North America is currently experiencing a mass invasion of periodic cicadas in several regions. The males beckon mates by “singing” as loud as possible. The sound registers at over 100 decibels. This certainly makes their arrival hard to ignore and to some difficult to tolerate.
Strength in Numbers
Cicadas larvae have mouth-parts used to suck sap from tree roots. The periodic cicadas develop slowly, spending either 13 or 17 years underground. The now adult cicadas all come out from their subterranean environment within a short period of time, protecting most of them from predators. Cicadas are edible and quite tasty, according to my dogs, who upon hearing them land within their reach, race to see who gets to eat this delectable treat. There is nothing quite so restful as floating in a pool under the stars, listening to a screeching cicada, a mad dash, a growl or two, and then the muffled cry of a cicada in my dog’s mouth, quickly followed by this loud crunch, that sounds much like eating a stalk of celery. Celery has never been known to make noise of it’s own volition, nor be out at night singing for a mate. It may be loud to eat but it’s not nearly as disturbing as interrupting a much deserved social life of a cicada that just came up out of the dirt after 13 years of a bleak, sap-sucking existence. This mass emergence of crunchy delights in a short time makes it impossible for predators to eat more than a small percentage of the cicadas. The rest are left to reproduce. According to early European immigrants to North America, Native Americans would roast and eat cicadas. At least by cooking them they don’t continue to ‘sing’ while in your mouth.
Hunt, Capture, Cook
Sparky’s Homemade Ice Cream in Columbia, Missouri is known for their creative ice cream flavors. So when the cicadas loudly heralded their arrival, Spark’s creative juices began to flow. Employees were sent out at night bearing flashlights and a jar, wondering whether the job description, they had merely scanned, had mentioned ‘nocturnal insect hunts’. They were pretty sure it didn’t mention removing insect’s wings, boiling the bodies to perfection, coating them with brown sugar and milk chocolate, then mixing in a brown sugar and butter flavored ice cream base, but dutifully they did just that.
Cicada College Craze
Columbia is a college town and this probably had a lot to do with the rapid sellout. Though, one would think it close to cannibalism, it was the University of Missouri’s Tiger Beetles that ate the lion’s share. Only a small batch had been made and it sold out within hours. Many were crushed not to have a chance to partake of this creamy cicada crunch creation.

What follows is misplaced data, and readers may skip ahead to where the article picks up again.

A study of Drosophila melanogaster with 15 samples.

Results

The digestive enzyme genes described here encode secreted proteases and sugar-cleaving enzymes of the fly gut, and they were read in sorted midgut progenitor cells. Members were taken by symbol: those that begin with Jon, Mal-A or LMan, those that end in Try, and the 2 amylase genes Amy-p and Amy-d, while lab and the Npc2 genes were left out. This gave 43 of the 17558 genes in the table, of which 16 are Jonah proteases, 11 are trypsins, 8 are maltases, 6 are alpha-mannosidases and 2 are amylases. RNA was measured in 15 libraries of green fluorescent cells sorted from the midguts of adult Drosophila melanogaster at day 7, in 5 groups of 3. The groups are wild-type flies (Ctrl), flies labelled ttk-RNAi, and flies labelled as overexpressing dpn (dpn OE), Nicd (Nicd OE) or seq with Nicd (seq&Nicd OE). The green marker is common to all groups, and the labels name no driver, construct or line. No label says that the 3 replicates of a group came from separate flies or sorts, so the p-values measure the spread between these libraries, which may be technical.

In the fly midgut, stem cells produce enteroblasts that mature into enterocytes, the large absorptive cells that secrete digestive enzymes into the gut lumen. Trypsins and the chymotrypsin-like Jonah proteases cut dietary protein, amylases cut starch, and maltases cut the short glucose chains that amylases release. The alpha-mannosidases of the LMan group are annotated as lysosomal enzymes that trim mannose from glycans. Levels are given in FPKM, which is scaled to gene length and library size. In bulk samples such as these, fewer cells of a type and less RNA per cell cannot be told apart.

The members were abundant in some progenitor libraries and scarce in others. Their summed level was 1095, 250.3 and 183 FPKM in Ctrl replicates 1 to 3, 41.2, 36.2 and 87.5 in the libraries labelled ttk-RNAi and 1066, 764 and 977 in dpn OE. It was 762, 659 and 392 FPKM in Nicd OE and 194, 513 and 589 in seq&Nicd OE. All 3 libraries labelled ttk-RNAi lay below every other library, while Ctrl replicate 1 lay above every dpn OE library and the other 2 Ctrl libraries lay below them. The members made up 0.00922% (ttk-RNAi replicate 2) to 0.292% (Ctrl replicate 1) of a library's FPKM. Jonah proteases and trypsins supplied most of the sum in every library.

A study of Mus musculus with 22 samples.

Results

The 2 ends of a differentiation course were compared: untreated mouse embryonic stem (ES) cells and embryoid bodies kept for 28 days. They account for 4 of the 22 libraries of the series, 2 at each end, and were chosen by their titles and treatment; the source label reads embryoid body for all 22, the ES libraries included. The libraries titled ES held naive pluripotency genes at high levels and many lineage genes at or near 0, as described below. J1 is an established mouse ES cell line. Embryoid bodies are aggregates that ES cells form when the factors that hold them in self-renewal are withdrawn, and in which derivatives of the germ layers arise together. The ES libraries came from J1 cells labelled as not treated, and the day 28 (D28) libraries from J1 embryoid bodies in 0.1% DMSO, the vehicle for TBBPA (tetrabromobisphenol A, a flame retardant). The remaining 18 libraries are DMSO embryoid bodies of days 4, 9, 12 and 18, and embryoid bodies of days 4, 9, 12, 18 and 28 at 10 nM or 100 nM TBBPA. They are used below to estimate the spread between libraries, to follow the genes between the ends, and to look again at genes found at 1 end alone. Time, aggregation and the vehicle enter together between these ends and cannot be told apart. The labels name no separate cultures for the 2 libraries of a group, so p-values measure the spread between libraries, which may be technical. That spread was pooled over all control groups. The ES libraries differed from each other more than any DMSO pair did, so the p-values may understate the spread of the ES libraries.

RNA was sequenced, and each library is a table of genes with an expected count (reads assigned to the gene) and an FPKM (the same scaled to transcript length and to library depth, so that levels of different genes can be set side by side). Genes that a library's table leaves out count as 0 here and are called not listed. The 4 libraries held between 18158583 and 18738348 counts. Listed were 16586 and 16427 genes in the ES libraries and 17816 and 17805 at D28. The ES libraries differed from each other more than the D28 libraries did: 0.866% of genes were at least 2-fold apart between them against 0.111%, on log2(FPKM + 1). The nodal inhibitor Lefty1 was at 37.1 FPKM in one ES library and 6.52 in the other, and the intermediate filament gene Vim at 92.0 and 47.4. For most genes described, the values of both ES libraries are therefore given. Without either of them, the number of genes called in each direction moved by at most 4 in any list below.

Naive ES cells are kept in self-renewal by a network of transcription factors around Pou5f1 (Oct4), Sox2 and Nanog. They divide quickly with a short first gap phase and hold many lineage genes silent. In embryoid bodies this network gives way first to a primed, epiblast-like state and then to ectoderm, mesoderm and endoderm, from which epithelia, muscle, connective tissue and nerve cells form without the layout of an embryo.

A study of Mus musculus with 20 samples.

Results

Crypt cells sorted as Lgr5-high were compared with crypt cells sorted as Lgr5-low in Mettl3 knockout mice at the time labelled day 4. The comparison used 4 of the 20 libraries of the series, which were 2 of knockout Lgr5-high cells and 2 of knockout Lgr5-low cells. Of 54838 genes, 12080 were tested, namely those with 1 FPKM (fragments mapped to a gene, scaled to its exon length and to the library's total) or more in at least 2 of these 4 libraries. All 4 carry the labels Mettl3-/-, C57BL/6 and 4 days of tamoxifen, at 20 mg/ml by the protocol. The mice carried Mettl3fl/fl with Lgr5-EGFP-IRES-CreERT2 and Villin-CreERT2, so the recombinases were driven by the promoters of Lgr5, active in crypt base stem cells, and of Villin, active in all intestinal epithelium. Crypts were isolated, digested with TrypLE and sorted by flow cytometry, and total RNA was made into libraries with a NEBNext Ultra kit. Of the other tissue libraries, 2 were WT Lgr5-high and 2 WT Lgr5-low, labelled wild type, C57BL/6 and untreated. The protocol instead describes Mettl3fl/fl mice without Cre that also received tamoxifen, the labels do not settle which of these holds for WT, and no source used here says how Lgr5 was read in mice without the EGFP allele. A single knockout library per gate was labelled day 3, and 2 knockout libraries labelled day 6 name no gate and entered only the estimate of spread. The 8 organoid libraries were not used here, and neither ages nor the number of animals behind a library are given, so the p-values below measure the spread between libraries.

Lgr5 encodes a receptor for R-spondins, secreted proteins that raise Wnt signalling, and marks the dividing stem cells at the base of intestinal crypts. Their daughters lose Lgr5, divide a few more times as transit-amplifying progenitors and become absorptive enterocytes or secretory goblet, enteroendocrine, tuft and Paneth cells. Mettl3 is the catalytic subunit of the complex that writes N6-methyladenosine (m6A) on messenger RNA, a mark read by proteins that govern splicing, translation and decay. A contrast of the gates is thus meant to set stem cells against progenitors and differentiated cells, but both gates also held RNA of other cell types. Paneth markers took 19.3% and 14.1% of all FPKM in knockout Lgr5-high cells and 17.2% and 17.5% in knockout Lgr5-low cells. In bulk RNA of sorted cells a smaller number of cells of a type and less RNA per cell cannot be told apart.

Some of the employee’s comments on the flavor of cicadas include; cicadas don’t have much flavor, but they do have a crackly crunch; I think if someone were to try it and not know what it was, they would just imagine it was a nut.”; one said it tasted like a peanut. None said it tasted like chicken and that’s a good thing, considering they were in ice cream.
City of Columbia Ceases Cicada Consumption
The store was going to make another batch for the weekend, but a couple of factors lead to a sign being put on the door telling customers it won’t be back until 2024. The first reason for the wait is that these are 13 year cicadas, so they wouldn’t emerge again until 2024. The second factor involved the the City of Columbia/Boone County Department of Public Health and Human Services. They couldn’t find the proper cooking temperature guidelines for cicadas, only listings for beef, chicken, fish and pork. Apparently the North American Native Indians failed to record the internal temperature reading of a properly cooked cicada. As a result the BCDOPHAHS put the cabosh on the hopping sales of this edible insect concoction. “The food code doesn’t directly address cicadas,” environmental health manager Gerry Worley said. “We advised against it. “The first batch of the ice cream was so popular store employees didn’t even have a chance to put the product in a display case before eager customers scooped it up the night before its official on-sale date. Customers hoping for a crunchy taste “bombarded” the store the next morning, only to be disappointed, said employee Christian Losciale, who was involved in the making of this cicada taste sensation. Sparky’s owner Scott Southwick was surprised by the jumping sales, imagine that. “We thought we’d make a small batch, and it would last forever,” he said.
Now I feel bad that I didn’t take the cue from my dogs and be the first to create my own Seasonal Screaming Cicada Sensation. Maybe now I will be able not to be phased by the nocturnal cicada hunt going on in my own backyard, feeling proud that my dogs did it first.